Saturday, August 27, 2016

Wheeling, West Virginia: West Virginia Independence Hall

The road to statehood for West Virginia more or less began here, at a former customs house in downtown Wheeling.

When the Civil War was about to get started, those in the eastern part of Virginia were ready to leave the Union in order to keep slavery going in their part of the world. But some people in the western part of the state didn't particularly like that idea. Therefore, they called a meeting in his particular building. It authorized the counties to start the process to form a new state.

Based on the information passed along here, it sounds like the idea was more or less railroaded through by all concerned. Votes weren't taken in public, and that probably depressed the vote of the losing side. Once the idea was passed along to Washington, President Lincoln was rather anxious to figure out a way to get West Virginia into the union and weaken the South. There were all sorts of Constitutional issues involved, but they were overlooked under the circumstances. Thus, West Virginia became a new state.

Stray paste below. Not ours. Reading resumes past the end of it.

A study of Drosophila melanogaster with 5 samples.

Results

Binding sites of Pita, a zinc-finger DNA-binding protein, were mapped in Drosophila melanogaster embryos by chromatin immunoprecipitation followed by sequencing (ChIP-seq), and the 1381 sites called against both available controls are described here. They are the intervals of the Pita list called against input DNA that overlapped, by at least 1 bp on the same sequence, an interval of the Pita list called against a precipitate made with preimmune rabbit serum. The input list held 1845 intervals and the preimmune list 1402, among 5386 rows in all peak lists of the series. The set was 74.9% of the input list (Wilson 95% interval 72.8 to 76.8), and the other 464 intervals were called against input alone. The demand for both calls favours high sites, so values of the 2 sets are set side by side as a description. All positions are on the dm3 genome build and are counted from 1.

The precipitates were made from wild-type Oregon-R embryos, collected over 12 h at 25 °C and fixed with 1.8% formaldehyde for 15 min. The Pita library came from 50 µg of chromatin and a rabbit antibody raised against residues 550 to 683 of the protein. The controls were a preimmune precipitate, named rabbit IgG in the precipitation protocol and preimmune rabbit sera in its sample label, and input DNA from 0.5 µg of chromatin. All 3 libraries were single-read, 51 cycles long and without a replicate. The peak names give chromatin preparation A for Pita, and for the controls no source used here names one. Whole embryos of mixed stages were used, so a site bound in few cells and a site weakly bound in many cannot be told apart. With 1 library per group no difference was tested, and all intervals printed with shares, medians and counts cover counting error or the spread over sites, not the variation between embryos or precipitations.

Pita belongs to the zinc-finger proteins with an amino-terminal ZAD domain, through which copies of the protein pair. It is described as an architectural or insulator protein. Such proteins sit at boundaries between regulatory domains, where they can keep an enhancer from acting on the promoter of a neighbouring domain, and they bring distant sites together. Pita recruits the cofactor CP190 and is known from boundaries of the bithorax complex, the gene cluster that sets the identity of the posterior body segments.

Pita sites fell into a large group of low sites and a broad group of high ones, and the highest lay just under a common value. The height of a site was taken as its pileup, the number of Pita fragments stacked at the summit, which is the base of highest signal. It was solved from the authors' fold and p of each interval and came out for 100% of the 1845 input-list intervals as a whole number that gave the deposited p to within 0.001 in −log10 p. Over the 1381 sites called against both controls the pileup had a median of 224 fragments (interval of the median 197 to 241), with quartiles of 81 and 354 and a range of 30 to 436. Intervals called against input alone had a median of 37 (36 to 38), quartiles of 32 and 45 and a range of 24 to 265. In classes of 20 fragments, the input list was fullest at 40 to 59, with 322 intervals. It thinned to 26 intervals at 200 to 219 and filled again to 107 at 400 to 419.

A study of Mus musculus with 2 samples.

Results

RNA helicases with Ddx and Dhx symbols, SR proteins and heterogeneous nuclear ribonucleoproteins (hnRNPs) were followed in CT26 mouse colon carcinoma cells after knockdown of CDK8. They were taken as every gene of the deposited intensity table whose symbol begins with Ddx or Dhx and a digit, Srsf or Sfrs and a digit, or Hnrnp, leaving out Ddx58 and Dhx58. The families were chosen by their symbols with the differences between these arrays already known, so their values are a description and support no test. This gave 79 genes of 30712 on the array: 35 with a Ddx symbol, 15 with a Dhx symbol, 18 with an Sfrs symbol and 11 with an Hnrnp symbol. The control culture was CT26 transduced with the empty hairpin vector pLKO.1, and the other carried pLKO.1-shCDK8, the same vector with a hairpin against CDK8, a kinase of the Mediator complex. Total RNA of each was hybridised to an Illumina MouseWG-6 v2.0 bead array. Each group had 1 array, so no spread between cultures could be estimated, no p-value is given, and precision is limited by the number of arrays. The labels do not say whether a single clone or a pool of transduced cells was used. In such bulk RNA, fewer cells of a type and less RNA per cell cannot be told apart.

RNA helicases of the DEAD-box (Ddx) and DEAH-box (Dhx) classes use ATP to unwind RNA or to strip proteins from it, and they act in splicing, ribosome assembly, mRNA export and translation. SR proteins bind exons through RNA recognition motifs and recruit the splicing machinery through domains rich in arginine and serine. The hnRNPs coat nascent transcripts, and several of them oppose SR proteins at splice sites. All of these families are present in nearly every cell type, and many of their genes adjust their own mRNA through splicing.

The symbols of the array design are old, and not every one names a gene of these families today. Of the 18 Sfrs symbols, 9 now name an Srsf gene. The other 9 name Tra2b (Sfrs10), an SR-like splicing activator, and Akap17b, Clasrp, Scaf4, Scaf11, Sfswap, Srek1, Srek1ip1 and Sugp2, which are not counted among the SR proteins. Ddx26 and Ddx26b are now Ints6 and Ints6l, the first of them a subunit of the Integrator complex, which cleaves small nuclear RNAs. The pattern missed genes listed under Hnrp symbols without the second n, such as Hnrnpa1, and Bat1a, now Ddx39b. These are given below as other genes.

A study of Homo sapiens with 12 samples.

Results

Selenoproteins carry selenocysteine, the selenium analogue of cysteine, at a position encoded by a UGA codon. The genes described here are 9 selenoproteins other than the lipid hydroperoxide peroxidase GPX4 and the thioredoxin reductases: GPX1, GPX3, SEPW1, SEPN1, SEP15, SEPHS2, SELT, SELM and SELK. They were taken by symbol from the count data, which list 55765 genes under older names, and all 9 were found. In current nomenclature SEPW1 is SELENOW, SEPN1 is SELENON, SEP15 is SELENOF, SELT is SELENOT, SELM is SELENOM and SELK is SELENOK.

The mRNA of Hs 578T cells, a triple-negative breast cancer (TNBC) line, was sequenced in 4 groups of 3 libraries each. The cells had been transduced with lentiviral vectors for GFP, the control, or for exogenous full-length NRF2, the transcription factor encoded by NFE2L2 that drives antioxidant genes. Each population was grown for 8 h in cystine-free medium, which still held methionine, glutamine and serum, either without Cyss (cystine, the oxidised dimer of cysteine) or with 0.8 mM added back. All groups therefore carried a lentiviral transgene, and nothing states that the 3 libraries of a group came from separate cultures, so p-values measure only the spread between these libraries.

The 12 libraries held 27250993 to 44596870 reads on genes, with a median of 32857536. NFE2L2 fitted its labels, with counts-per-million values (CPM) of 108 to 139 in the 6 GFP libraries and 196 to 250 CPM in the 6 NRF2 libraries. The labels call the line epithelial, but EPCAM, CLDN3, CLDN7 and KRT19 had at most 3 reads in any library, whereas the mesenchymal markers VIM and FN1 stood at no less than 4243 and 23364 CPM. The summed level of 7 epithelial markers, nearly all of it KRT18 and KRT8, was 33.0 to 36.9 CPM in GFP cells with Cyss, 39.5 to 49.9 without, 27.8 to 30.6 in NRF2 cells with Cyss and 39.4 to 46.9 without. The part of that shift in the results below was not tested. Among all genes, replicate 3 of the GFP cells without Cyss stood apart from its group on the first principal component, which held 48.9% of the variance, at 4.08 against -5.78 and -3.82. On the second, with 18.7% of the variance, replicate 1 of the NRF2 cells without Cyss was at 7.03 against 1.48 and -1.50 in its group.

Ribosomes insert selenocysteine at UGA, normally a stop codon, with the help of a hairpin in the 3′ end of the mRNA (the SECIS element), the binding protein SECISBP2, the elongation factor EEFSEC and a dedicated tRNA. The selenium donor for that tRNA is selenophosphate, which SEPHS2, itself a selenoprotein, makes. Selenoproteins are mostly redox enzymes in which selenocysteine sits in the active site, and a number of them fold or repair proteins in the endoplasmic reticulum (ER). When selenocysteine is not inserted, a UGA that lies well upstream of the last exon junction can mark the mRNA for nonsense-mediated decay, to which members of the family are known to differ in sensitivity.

The front of the meeting hall is shown here. The second floor has a Governor's office as well as a large collection of flags from the Civil War. The floor has more displays to go with some post office boxes (one of many former uses of the building) and some souvenirs. A statue of Francis Pierpont, who is called "the father of West Virginia" because he led the initial "rebellion," is right outside. Next door has a mural of the June 20, 1861 meeting. 

Admission is free, and the staff member there seemed quite happy to see us. Based on the guestbook, I'm not sure how much company she's had lately. I don't think a lot of people know the story about West Virginia's birth, so this is worth a stop for history buffs.